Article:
WASHINGTON, D.C. (WHNT) — (Updated) The U.S. House could not agree on a new Speaker Tuesday, after the leading candidate, U.S. Representative Kevin McCarthy failed to secure the needed 218 votes on the first ballot and two subsequent votes.
It marks the first time in 100 years a House Speaker nominee failed to secure the needed votes on the first ballot. McCarthy did not receive the required votes in the second or third votes and the House voted to adjourn until noon Wednesday.
The voting will continue until a new Speaker is elected. There are 218 votes needed to win a majority in the House, and there are 222 GOP members and 213 Democrats.
All six of Alabama’s Republican House members voted for McCarthy, R-Calif., but he received just 203 votes in the first two votes and 202 on the third try, after 19 Republican Congress members declined to support him on the first two ballots and 20 rejected him on the third ballot. Democratic House leader U.S. Rep. Hakeem Jeffries of New York got 213 votes on the first and second ballots and 212 in the third vote.
Monday, on the eve of the 118th Congress swearing-in ceremony, two North Alabama U.S. House members said they would support McCarthy in the Speaker election.
The vote comes as Alabama’s 5th congressional district will have a new representative — Republican Dale Strong. He was elected in November and replaces six-term incumbent Mo Brooks, who ran unsuccessfully for U.S. Senate.
Strong told News 19 on Monday he would back McCarthy.
“The GOP caucus voted overwhelmingly to support McCarthy in November,” Strong said in a statement. “I am planning to support him tomorrow. I share the concerns of North Alabamians about how the House has been run in recent years, but at this time, there is no other alternative.”
“I also plan to on voting for the most conservative rules package ever presented which will give power back to committees,” he continued. “It is time for Republicans to unify so that we can advance our agenda. Our fight is not with each other. It is to stop the Biden policies that are killing our country.”
But Tuesday, the House’s failure to agree on new Speaker means Strong has not yet been sworn in.
U.S. Rep. Robert Aderholt, who represents Alabama’s 4th District also told News 19 he would support McCarthy.
“I’m planning to cast my vote for Kevin McCarthy to be the next Speaker of the U.S. House of Representatives. He’s earned it. No one has worked harder to take back the House than Kevin McCarthy.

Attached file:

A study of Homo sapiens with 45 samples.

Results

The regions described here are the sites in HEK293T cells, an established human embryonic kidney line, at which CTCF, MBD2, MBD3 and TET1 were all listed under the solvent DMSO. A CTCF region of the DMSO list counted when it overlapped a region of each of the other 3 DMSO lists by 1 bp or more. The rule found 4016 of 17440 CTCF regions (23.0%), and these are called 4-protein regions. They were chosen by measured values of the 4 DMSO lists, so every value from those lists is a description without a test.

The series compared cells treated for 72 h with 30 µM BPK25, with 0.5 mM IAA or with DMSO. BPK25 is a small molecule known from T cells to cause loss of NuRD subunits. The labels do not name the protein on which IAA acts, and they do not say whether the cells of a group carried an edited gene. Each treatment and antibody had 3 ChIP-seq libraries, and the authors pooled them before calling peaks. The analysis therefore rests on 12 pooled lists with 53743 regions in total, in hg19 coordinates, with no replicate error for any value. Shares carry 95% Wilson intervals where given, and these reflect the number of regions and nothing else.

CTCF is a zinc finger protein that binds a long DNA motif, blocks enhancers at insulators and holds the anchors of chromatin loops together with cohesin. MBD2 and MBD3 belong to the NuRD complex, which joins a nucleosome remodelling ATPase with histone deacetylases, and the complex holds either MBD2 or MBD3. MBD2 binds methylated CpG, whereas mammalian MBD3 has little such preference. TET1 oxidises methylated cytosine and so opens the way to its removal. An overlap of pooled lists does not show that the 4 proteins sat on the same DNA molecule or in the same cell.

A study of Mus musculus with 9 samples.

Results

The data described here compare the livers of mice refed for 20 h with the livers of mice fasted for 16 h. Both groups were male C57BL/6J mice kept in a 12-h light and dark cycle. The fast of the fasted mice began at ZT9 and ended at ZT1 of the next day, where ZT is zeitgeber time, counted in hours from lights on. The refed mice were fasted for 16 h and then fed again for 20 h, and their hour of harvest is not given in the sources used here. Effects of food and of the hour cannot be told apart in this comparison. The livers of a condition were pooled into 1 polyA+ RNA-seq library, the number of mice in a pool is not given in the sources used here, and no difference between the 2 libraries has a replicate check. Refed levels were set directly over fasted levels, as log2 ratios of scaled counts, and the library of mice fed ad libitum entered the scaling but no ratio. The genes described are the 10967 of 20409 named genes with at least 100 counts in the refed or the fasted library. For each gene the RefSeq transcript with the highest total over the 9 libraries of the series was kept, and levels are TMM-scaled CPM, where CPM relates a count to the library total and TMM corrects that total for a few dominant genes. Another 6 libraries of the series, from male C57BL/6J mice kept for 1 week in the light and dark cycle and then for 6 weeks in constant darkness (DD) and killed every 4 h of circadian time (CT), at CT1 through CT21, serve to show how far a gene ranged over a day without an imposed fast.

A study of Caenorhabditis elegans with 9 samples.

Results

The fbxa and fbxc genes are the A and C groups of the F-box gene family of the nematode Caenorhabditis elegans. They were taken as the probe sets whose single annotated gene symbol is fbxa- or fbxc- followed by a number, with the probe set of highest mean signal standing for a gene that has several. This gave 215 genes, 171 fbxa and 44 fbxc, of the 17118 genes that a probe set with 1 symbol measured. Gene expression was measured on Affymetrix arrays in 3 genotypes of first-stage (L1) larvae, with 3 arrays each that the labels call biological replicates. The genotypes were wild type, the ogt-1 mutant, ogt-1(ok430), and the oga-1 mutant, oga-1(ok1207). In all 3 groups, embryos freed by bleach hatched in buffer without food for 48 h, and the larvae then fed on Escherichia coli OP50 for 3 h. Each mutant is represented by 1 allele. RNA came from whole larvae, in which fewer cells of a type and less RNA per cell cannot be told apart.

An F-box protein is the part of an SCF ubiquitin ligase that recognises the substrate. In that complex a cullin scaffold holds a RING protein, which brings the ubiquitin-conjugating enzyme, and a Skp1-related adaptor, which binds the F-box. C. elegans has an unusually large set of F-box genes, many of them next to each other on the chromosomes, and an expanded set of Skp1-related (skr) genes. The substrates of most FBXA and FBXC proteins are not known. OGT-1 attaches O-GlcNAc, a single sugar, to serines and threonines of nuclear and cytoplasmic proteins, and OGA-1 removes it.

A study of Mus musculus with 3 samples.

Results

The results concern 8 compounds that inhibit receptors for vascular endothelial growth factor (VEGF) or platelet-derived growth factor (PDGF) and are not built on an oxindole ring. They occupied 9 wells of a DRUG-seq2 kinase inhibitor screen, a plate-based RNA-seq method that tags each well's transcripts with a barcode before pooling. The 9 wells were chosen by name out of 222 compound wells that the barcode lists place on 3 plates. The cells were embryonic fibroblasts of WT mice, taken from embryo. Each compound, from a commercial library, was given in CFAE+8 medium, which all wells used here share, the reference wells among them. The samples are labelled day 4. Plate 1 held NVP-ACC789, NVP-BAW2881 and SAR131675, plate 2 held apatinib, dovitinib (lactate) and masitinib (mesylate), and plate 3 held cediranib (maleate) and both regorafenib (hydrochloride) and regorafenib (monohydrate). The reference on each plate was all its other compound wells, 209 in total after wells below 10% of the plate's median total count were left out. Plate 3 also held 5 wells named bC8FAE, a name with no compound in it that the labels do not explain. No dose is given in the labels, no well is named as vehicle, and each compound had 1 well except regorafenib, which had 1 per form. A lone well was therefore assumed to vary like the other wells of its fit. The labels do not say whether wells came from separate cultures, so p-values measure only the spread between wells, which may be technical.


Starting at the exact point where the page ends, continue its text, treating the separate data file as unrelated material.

“The American people elected a Republican majority in the House because they were tired of the direction of our nation and the leadership of Speaker Pelosi. The American people are expecting us to work to stop inflation, deal with the crisis at our southern border and hold the Biden Administration accountable. The sooner we elect a Republican Speaker, the sooner we can start.”
Strong, who served for 26 years on the Madison County Commission, also said he hopes to continue one of Brooks’ key committee assignments — a seat on the House Armed Services committee.
Strong said he had spoken to McCarthy about that possibility.
Alabama’s first female U.S. Senator Katie Britt will also be sworn in Tuesday. She replaces Richard Shelby, who served in the Senate for more than 36 years.
“Taking the oath of office is incredibly humbling,” Britt said. “As people across America approach this time of year with a sense of renewal and optimism while undertaking New Year’s resolutions.”
“I want Alabamians to hear this commitment directly from me: I am firmly resolved to never be outworked and to always make Alabama proud in the United States Senate.
“Being entrusted to serve as Alabama’s U.S. Senator is a tremendous honor and responsibility. I am ready to hit the ground running to fight for hardworking families in every corner of our great state and to preserve the American Dream for generations to come.”